Ferry users weigh in on service
The ferry service consultation just launched by the provincial government is confusing, rushed, and missing key parts of the picture, say leaders of a group calling itself the Ferry Advisory Committee.
“Yes, it’s worth discussing the province’s two stated goals — how to save money, and a long-term vision for coastal transportation,” said Harold Swierenga of Salt Spring Island. “But there are many holes and questionable assumptions in the picture of the situation as it’s presented.”
Swierenga said the consultation doesn’t mention that fares are past the tipping point — and are part of what’s driving down traffic.
“Yet the Ferry Commission report recommended that fare increases should not exceed inflation,” he said. “To achieve this the province would have to fill up some of the hole it created over the eight years it froze the funding it gives ferry service.”
• The Department of Fisheries and Oceans this week opened a new $1.25 million National Advanced Boat Operator training facility at Bamfield on Vancouver Island’s west coast.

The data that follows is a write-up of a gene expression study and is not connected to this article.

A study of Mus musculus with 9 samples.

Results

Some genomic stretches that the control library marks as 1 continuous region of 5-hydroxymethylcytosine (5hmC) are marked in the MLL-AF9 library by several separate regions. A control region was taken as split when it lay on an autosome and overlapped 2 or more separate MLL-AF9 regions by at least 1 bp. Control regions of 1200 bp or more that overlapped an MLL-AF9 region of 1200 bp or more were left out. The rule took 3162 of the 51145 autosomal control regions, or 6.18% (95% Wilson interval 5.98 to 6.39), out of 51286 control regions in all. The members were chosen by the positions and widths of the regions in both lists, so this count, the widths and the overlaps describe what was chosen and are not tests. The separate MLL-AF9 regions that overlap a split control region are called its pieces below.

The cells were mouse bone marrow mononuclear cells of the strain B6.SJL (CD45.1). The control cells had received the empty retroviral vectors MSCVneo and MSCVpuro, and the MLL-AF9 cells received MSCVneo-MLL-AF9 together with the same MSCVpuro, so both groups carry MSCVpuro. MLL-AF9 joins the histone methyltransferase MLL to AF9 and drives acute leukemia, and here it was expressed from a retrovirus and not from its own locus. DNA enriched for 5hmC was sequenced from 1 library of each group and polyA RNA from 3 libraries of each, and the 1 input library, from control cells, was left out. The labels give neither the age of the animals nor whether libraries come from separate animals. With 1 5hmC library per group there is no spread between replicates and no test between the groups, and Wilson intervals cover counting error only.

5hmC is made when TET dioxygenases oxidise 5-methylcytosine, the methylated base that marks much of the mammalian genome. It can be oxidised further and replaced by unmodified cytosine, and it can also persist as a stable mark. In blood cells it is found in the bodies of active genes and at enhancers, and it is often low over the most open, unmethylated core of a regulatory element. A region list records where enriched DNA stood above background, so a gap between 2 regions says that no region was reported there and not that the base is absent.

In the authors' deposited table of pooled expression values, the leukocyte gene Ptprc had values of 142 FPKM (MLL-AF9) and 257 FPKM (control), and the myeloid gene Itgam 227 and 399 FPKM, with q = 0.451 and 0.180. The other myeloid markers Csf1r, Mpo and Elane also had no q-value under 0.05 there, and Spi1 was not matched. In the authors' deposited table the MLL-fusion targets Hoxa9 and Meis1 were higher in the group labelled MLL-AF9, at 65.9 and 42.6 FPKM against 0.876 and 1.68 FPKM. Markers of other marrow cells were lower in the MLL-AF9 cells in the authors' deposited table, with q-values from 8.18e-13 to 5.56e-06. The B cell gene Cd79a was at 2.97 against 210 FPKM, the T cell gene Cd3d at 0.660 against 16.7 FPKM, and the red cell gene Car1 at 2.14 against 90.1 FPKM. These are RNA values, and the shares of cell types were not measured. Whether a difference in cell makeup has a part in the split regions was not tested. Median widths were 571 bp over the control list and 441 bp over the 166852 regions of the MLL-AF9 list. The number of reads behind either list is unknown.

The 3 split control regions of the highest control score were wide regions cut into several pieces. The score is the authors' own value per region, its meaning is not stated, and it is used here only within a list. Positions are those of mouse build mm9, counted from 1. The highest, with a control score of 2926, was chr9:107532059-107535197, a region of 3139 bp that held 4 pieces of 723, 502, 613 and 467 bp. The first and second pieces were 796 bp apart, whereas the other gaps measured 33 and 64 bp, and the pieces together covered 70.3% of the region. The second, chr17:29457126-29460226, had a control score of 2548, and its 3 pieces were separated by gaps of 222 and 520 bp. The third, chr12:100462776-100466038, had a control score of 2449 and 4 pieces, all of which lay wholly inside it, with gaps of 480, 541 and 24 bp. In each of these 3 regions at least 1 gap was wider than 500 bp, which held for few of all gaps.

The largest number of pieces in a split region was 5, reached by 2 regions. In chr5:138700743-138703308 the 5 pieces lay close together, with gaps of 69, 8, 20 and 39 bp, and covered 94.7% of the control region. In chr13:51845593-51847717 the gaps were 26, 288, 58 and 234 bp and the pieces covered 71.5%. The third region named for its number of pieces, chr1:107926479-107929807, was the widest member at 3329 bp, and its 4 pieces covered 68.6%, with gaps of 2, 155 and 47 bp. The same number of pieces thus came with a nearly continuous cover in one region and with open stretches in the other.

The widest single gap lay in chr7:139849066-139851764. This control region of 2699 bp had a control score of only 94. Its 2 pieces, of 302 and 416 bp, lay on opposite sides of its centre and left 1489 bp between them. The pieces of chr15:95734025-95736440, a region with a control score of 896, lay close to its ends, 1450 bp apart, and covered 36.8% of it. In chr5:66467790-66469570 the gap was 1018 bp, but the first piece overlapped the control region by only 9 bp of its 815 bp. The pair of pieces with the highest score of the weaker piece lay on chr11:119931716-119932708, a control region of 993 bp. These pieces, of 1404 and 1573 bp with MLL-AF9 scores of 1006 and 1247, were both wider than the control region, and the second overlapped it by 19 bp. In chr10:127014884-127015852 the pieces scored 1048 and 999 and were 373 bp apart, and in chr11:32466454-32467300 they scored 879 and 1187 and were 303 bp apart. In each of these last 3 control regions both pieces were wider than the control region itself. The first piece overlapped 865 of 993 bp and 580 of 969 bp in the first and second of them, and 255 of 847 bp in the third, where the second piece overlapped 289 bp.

Training at the state-of-the-art facility will focus on the advanced, high-speed nature of marine search and rescue services from all three Coast Guard regions across Canada. It will provide experienced professionals with the opportunity to operate a twin-engine rigid-hull inflatable boat in open and confined waters under adverse conditions.
• The woman who perished when the HMS Bounty went down off the coast of North Carolina last week during Hurricane Sandy had a very special connection to the ship.
The Bounty was constructed in Nova Scotia for use in the movie Mutiny on the Bounty, which told the tale of Fletcher Christian’s revolt against the tyranical Captain Bligh. Claudene Christian was the great, great, great, great granddaughter of Fletcher Christian himself.